If you have data for which a digital signature was generated, by the Java Security API, you can verify the authenticity of the signature. To do so, you need

In this example, we simply extend our program to verify the signature generated in Step 3. In doing so, we will demonstrate the steps required to verify the authenticity of an alleged signature.

As with signature generation, a signature is verified using an instance of the Signature class. We will use the same one as that created in Step 3 via the following:

            Signature dsa = Signature.getInstance("DSA"); 

Initialize the Signature Object for Verification

The Signature object was previously initialized for signing. We must now initialize it for verification. The initialization method for verification requires a public key. We extract and use the public key from the key pair generated in Step 2:

            PublicKey pub = pair.getPublic();


Supply the Signature Object the Data to be Verified

We now need to supply the Signature object the data for which a signature was generated. This is the data in the file whose name was specified as the first (and only) command-line argument. As we did when signing, we will read in the data a byte at a time, and supply it to the Signature object by calling the update method. We use the same FileInputStream variable fis and byte variable b as were declared in Step 3:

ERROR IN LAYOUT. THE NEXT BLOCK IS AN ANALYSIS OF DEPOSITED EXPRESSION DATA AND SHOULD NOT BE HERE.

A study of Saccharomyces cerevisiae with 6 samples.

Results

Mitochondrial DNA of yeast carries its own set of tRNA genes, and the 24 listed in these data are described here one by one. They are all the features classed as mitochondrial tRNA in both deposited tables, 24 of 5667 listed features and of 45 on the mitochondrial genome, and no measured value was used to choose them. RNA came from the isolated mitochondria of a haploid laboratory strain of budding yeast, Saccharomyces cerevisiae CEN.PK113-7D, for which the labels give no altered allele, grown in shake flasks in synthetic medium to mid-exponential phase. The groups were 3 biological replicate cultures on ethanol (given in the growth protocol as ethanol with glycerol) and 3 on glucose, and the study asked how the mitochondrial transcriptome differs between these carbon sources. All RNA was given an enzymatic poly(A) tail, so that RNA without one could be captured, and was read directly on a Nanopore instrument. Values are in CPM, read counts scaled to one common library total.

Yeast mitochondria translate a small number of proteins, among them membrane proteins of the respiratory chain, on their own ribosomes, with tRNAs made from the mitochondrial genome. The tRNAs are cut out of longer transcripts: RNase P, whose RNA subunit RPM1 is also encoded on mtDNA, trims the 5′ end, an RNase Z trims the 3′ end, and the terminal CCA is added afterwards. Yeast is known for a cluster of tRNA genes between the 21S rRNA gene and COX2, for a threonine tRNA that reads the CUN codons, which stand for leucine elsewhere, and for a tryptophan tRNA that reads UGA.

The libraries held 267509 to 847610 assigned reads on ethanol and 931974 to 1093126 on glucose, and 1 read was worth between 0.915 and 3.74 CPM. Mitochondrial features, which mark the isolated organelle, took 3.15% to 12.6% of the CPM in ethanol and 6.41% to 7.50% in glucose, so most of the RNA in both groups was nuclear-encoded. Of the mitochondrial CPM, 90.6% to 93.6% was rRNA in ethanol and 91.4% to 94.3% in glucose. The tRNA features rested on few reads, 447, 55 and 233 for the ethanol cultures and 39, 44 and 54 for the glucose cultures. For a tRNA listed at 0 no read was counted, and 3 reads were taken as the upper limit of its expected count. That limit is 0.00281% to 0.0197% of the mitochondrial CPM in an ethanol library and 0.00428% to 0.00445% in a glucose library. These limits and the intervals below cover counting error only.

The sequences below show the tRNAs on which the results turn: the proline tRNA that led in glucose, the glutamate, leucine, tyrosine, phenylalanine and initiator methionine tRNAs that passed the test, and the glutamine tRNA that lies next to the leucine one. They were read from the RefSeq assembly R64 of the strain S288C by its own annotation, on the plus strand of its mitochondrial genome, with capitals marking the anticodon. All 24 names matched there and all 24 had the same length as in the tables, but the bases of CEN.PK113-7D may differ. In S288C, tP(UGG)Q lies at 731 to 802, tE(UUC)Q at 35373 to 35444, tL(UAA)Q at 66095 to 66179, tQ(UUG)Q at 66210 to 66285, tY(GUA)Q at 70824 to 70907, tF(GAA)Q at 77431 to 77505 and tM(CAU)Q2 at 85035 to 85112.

fis = new FileInputStream(args[0]);
            while (fis.available() != 0) {
                b = (byte);

In this sample program we've been building, we are reading the file bytes twice, once for signing and once for verification. Why didn't we just read the file into an array once, and use the array for both signing and verifying? That's a possibility for short files. But you can't know in advance the length of the files to be processed. It may not be possible (or desirable) to create an array large enough to hold the file bytes.

Verify the Signature

Once we have supplied all the data to the Signature object, we can verify the digital signature of that data and report the result. Recall that the signature was placed in a byte array called sig.

            boolean verifies = dsa.verify(sig);

            System.out.println("signature verifies: " + verifies);

In our example, verifies should always be true, since we are properly verifying the signature we just generated.